Just as the U.S. Supreme Court dismantles a national eviction moratorium, many LGBT renters report being in dire straits, according to a new study from the Williams Institute at the University of California, Los Angeles, School of Law.
The think tank analyzed data from the Census Bureau's Household Pulse Survey, which culled information from individuals during the current COVID-19 pandemic. Researchers compared data from LGBT people and non-LGBT people, and looked at how different racial groups among those distinct groups were faring.
The Williams Institute reports an estimated 19 percent of LGBT people who rent their homes are not caught up on rent. Nnearly half (47 percent) of queers who owe rent say they fear eviction within the next two months. LGBT people of color are most affected by rent woes; they're more likely to be renters and not homeowners, and more likely to be behind on rent compared to all other groups.
Housing instability has been markedly worsened by COVID-19. The pandemic has hampered the economy, especially in the service sector, where many LGBT people work.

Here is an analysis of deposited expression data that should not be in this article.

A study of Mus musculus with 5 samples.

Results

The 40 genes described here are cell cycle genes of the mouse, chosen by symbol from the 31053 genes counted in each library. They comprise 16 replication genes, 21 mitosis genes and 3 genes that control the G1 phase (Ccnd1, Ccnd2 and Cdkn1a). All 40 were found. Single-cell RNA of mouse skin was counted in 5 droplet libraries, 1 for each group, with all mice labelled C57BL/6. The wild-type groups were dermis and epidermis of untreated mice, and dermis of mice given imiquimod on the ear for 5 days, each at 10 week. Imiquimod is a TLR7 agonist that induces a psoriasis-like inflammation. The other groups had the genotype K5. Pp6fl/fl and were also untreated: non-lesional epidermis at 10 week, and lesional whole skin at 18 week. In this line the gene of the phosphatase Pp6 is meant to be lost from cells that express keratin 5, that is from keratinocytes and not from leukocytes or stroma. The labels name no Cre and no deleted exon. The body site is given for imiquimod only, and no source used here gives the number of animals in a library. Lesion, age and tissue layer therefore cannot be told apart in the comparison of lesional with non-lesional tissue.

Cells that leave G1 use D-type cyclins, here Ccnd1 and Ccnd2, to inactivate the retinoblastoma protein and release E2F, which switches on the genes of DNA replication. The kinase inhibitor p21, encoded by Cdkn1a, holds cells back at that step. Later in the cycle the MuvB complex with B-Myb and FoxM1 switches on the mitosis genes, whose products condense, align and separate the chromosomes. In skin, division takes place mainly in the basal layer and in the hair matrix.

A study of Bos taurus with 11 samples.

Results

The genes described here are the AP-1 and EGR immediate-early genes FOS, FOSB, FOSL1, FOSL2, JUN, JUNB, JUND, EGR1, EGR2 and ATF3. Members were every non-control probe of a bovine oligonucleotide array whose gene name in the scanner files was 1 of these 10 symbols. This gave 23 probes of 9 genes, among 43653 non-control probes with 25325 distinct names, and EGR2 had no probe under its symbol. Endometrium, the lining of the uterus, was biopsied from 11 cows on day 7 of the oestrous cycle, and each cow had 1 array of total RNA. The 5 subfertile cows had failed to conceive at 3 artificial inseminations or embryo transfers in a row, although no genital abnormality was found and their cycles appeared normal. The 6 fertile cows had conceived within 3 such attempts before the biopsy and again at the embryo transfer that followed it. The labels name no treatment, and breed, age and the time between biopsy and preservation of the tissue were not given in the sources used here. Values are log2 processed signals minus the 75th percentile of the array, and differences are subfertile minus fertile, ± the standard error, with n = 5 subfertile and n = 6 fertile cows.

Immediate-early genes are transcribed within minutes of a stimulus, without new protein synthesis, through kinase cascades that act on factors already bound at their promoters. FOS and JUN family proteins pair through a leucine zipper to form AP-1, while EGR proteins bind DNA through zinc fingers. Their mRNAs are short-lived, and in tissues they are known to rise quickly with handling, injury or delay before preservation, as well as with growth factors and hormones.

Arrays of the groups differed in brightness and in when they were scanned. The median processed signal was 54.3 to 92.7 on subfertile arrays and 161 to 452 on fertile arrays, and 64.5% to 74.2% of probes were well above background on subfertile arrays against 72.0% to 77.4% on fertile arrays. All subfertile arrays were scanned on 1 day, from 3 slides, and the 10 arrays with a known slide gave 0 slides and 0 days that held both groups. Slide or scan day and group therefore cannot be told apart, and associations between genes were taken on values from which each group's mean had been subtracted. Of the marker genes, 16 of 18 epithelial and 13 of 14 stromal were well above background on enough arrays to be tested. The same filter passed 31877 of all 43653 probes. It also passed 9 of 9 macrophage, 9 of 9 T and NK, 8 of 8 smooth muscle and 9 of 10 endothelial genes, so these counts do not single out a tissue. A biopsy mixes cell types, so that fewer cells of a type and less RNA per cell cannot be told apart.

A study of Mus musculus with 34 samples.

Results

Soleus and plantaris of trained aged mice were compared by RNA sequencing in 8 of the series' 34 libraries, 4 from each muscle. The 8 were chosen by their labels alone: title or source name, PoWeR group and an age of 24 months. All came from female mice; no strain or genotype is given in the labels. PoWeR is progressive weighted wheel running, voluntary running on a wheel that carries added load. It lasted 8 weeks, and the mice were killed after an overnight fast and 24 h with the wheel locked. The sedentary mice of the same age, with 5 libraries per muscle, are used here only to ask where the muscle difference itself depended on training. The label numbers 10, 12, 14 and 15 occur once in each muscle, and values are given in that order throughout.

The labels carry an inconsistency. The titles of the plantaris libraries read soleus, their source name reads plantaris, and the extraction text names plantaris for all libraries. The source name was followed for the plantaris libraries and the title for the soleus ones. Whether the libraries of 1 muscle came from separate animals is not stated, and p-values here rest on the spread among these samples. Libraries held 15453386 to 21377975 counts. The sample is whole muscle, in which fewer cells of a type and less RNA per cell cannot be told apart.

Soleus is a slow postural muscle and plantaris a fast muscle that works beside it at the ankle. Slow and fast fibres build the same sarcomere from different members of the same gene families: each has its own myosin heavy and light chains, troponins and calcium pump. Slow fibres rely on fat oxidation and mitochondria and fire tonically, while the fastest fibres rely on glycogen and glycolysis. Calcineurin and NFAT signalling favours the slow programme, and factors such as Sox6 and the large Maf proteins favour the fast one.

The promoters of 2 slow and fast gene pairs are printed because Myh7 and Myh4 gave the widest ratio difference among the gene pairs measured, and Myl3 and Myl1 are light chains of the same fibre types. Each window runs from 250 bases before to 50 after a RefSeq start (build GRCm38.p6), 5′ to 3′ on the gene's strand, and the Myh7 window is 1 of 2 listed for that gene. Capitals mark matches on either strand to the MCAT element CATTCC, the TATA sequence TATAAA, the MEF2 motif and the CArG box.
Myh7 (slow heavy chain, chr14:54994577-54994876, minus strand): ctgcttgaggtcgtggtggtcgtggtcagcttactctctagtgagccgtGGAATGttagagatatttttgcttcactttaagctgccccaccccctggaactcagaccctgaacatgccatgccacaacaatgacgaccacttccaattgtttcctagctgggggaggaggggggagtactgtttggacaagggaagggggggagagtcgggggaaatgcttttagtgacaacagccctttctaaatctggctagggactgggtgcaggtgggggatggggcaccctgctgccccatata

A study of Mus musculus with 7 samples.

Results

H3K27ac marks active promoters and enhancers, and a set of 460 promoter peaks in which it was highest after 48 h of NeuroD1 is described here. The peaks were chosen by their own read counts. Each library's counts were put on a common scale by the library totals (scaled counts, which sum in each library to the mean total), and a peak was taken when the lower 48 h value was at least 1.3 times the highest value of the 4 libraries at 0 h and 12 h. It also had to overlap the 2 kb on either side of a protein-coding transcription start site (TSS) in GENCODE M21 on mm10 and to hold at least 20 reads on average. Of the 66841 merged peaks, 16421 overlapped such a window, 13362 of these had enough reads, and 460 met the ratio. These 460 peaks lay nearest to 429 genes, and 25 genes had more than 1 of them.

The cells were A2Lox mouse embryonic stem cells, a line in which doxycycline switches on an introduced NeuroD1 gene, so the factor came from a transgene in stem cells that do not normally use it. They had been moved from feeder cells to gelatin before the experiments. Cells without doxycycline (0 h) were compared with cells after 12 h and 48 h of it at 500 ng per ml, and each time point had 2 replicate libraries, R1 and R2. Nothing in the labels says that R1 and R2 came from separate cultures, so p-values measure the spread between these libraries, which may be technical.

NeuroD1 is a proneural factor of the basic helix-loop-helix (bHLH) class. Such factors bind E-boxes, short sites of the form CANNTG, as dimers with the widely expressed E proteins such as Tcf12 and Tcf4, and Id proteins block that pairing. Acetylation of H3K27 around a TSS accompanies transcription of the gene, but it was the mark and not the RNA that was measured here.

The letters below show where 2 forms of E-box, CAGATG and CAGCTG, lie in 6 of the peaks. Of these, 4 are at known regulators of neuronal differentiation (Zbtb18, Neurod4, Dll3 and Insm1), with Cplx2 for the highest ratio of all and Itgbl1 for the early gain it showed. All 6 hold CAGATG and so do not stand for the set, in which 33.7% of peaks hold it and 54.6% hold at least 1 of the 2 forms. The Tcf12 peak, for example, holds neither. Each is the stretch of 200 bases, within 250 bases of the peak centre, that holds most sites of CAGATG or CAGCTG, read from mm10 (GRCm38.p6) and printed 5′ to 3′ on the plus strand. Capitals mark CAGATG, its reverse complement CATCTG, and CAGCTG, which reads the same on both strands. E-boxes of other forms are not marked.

“A key component to a person’s housing stability is whether they own or rent,” lead author Bianca D.M. Wilson, senior scholar of public policy at the Williams Institute, said in a statement. “The COVID-19 pandemic has only exacerbated the risk that LGBT people — and LGBT people of color in particular — will lose their housing as federal eviction protections are set to expire in October.”
Other major findings from the Williams Institute include:
41 percent of LGBT adults rent their homes, compared to 25 percent of non-LGBT adults.
An estimated 47 percent of LGBT people of color rent their homes, compared to 37 percent of white LGBT people, 36 percent of non-LGBT people of color, and 19 percent of white non-LGBT people.
19 percent of LGBT renters report not being caught up on rent, compared to 14 percent of non-LGBT people.
An estimated 30 percent of LGBT people of color were behind on rent, compared to 10 percent of white LGBT people, 19 percent of non-LGBT people of color, and 10 percent of white non-LGBT people.